Welcome back to our Weekly Roundup where we share headlines and brief summaries of notable news stories from around the world, along with a link for those seeking further information.

These articles provide a quick and easy way for readers to stay up to date with current legal and business affairs.


Fast growing social media platform TikTok made many headlines last week.

One of the reasons for those headlines was the company’s announcement that it would be investing €420 million to build a data centre in Ireland, and would create “hundreds of jobs” for the country.

The other reason it was in the news was that Donald Trump signed a pair of executive orders last week effectively banning it in the U.S. unless it is acquired by a “very American” company by 15 September. That company looks most likely to be U.S. tech giant Microsoft.

In a post last week, we explored the history of what has lead to the recent moves, and what impact in might have for Ireland in further detail.

Click here to read our report: Clock strikes twelve for TikTok.

EU Commission launches investigation into Google’s acquisition of Fitbit

The European Commission will carry out a full-scale probe into Google’s proposed takeover of Fitbit, it announced last Tuesday.

The EU Commission said that it “is concerned that the proposed transaction would further entrench Google’s market position in the online advertising markets by increasing the already vast amount of data that Google could use for personalisation of the ads it serves and displays.”

The announcement follows a preliminary review by the EU Commission, and threatens to derail Google’s purchase of the fitness-tracking firm.

It comes despite Google’s offer last month to not use Fitbit’s health data for ad targeting.

Google’s parent company Alphabet agreed a $2.1bn (£1.6bn) takeover of the wearable tech firm last year. However, the deal has yet to be completed.

You can read the full statement from the EU Commission here, or the report from BBC News here.

Mergers and Acquisitions? There’s an app for that

Investment banking giant Goldman Sachs announced last week that it was building an app that can help its clients to identify potential targets for mergers and/or acquisitions.

As reported by Bloomberg last week, “the technology is called Gemini and is already being used by Goldman’s bankers. The firm plans to offer it to clients and hopes they will be able to use it to identify under-performing parts of their businesses that make them vulnerable to attacks by activist investors or those that score poorly on environmental, social and government issues.”

David Dubner, Goldman’s global head of M&A structuring, said he expects clients to use the product to identify sale or spin-off opportunities and possible takeover targets in the form of unloved or poorly performing company divisions.

You can read the full report from Bloomberg here.

America’s health insurers rub their hands at pandemic driven profits

America’s biggest health insurers are reporting mammoth profits, the New York Times reported last week.

The COVID-19 pandemic has forced many Americans to postpone elective surgeries, and the population at large is avoiding visits to the GP or to hospital, meaning the amounts health insurers are paying out has fallen drastically.

This has filtered straight to the bottom line and hugely inflated their profits.

Theoretically insurance profits are capped under the Affordable Care Act, with the requirement that consumers should benefit from such excesses in the form of rebates, though it has been widely reported that no one should expect much of a windfall.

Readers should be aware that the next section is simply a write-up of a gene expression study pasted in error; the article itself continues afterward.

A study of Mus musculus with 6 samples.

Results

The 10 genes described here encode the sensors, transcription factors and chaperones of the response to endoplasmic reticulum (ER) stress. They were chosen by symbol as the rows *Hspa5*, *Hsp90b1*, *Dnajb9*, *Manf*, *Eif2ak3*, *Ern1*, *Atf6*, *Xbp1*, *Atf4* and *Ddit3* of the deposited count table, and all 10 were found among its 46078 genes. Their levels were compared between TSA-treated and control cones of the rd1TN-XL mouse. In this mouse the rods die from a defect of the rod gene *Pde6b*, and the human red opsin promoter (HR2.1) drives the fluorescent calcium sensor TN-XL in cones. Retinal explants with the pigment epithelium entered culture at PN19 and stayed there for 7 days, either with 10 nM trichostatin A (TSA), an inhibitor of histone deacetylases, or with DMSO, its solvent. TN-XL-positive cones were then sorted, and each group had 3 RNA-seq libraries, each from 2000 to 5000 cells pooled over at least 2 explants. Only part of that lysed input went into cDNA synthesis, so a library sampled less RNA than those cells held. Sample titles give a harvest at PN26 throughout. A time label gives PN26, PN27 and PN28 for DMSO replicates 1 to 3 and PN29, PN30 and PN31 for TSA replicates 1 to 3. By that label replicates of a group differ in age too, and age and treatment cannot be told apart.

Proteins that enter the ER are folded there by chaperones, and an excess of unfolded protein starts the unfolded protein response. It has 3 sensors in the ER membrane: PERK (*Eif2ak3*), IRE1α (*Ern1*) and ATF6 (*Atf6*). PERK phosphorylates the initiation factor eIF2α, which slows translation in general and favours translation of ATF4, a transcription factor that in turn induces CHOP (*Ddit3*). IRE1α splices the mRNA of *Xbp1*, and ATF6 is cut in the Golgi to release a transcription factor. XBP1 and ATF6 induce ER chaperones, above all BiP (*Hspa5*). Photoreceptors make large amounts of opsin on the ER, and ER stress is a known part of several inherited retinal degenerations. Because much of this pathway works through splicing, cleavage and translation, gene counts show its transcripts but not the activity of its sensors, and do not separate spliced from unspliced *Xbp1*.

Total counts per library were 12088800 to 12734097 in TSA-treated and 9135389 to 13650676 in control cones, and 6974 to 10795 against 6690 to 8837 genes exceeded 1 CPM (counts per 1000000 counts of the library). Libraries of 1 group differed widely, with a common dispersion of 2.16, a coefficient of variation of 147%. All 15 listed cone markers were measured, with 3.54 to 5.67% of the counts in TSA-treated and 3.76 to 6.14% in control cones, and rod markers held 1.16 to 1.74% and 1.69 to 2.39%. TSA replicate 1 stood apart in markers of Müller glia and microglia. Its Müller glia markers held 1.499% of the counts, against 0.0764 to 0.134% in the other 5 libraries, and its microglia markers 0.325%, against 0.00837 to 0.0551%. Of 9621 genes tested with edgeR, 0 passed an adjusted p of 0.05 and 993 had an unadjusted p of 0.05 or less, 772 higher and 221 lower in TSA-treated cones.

The bloating profits of these health insurers are likely to bring healthcare back to the fore of political discussion in the U.S.

You can read the full report from the New York Times here.

William Fry releases mid-year M&A Review 2020

Irish law firm William Fry released it’s mid-year report on the Irish M&A market last week, noting that the fall in Irish deal activity was less than the global decline in M&A.

Key findings from the report included:

  • Deal volume fell from 75 to 65 deals in H1 2020
  • Deal value decreased to €2bn from €2.5bn
  • 89% of deals were mid-market (€5m-€250m)
  • Inbound M&A value totalled €1.9bn or 95% of the total sum invested.
  • 27 PE transactions, the highest half-yearly volume of the past seven years.
  • Technology, Media and Telecom (TMT) accounted for 54% of value and 34% of volume.  

William Fry’s findings are inline with other recent reports on Irish M&A activity.

You can read William Fry’s full report here.

If you would like to read further on the subject, we also published an article a couple of weeks ago exploring the topic and addressing what the figures might mean for corporate law firms (and for graduate recruitment). You can read our report here: What’s going on with M&A activity in 2020?

Opportunities for Law Graduates: Legal Researchers in the Civil Service

Vacancies exist for Legal Researchers in the Office of the Attorney General, Workplace Relations Commission and Department of Justice and Equality.

Applicants must hold a 2:1 honours degree in Law and have experience in conducting legal research and analysis.

Legal Researchers are responsible for carrying out comprehensive research into legal and policy issues. Those appointed will have practical experience in conducting in-depth legal research, strong analytical skills with excellent attention to detail along with an ability to prioritise and manage tasks while working to tight deadlines. The successful candidates will also have the ability to work independently and as part of a team.


The closing date for applications is 3pm on Thursday, 27th August 2020. More information is available by clicking here.